Tuesday, February 26, 2013

All They Need Is....A Better Script!

Today's quickie review is a two-fer.

We'll kick off with the bigger disappointment.  Pretend you're a filmmaker in the 1970's.  You want to make a western, which are on the fade again...BUT you want it to be funny, which thanks to Blazing Saddles (1974), should be a go. You take the handsome, charismatic hot black property, Fred Williamson, and you take the hottest black comedian of the time, Richard Pryor...and you should be able to spin gold, yes?

Of Fred Williamson's four forays into Westerns, Adios Amigo (1976) is far and away the most disappointing, especially as it was his last one.  Now Richard Pryor...well, Richard's motion picture legacy despite his stand-up genius is wildly uneven, mostly skewing to the not-so-great, unless Gene Wilder is around.  If you don't agree or don't believe me, spend the evening with Adios Amigo double-featured with Superman III and see if you still feel the same.  The story is simple, Fred gets into a fight in town, which thanks to corrupt locals gets him shipped to prison on a stagecoach that's robbed by Pryor setting Fred free.  Inexplicably, instead of going home to avenge himself on the corrupt townsfolk that ran him off, Fred chases after Pryor for his part of the loot from the robbed stagecoach. What follows is a repetitive formula of Pryor encountering people, messing with them, stealing from them, and running off, leaving the pursuing Fred to take the blame in a series of mostly flat scenes that are neither funny nor exciting.  Fred as usual seems earnest and game for the antics, but they're just not there...and neither really is Pryor who seems to mumble his way through most scenes as if half-asleep/half-crazed and/or half-drunk, which, sadly, he may have been all at the same time.  Even the dread Cactus Jack (1979) had more inspired moments than this and it too was awful.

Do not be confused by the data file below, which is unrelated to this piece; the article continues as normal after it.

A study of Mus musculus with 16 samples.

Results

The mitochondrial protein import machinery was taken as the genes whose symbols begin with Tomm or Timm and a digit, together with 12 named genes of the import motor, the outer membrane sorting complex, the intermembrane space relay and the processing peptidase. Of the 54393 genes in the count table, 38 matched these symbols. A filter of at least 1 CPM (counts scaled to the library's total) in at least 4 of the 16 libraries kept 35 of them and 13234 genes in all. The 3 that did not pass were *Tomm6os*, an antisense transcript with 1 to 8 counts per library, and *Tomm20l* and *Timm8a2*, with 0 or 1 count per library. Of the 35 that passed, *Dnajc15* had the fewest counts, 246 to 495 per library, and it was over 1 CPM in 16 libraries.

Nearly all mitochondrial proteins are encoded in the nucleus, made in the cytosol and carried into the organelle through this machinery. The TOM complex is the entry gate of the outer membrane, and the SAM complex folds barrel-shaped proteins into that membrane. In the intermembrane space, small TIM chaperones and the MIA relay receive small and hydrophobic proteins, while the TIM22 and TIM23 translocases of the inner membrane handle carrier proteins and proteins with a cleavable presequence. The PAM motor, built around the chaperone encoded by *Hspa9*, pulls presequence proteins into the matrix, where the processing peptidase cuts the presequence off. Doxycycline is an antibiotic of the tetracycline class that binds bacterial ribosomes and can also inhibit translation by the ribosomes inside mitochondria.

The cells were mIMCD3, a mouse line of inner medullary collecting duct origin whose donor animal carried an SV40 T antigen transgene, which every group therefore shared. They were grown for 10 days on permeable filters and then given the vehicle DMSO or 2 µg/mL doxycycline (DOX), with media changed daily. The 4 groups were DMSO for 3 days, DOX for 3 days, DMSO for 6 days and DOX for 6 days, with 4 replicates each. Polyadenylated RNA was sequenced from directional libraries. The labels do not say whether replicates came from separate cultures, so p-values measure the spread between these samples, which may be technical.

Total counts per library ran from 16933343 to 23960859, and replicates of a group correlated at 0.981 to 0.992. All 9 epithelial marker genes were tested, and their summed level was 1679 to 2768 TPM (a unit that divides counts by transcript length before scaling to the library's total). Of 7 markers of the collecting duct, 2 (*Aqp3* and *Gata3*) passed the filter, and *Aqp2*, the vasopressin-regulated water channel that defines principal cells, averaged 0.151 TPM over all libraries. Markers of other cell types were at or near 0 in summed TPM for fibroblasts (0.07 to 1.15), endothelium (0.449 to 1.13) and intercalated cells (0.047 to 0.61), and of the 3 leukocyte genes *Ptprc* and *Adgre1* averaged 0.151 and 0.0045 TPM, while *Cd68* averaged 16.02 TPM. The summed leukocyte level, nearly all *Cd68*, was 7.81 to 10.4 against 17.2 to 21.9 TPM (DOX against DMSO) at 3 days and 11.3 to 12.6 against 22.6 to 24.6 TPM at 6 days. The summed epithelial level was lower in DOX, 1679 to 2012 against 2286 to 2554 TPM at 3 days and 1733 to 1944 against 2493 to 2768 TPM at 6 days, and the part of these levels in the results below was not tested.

But being no stranger to the weird and the awful, I tried again.  So this time we're going to rewind the clock back to 1969. Now we're in the hot stretch for Westerns following Sergio Leone's Dollars trilogy, and Hollywood wants to cash in.  You've got young up-and-comer Burt Reynolds whose already been in one Italian oater (Navajo Joe, 1966), and you've got black football sensation Jim Brown whose was in one of the action hits of the 60's, The Dirty Dozen (1967).  Add to that the smoldering sex-pot that is Raquel Welch, and again, you should have gold, yes?

Well....100 Rifles (1969) seems to take much of its direction for the great Sergio Corbucci's The Mercenary (Il Mercenario), which also featured a cunning peone, a hard-fighting foreign outsider, and a hot girl in the midst of some Mexican revolutionizing. But while Rifles seems to have the characters and have the chemistry, it never coheres into the adventure that The Mercenary pulls off. Instead it sort of wobbles, betwixt endless chase scenes, between half-comical banter and Peckinpah-esque brutality. Still, it's not all a bad time, if you can get past the stunning gaps in character-driven logic.  All I know is, if I'm trying to escape from a pursuing Mexican general, who's a tad on the butchery side, and his well-armed troops, I don't stop for a chat or a fistfight until I'm way way way far away. Having said that, it was a generally enjoyable way to pass some time.  Burt was well on his way to being Burt. Raquel Welch has a sexy shower under a train cooling tower. And the film was cut or banned in a number of places for some smoldering horizontal monster mashing between Jim Brown and Raquel.   The movie's well-shot, the scenery gorgeous, and the action, especially the finale, exciting...it just never adds up to much.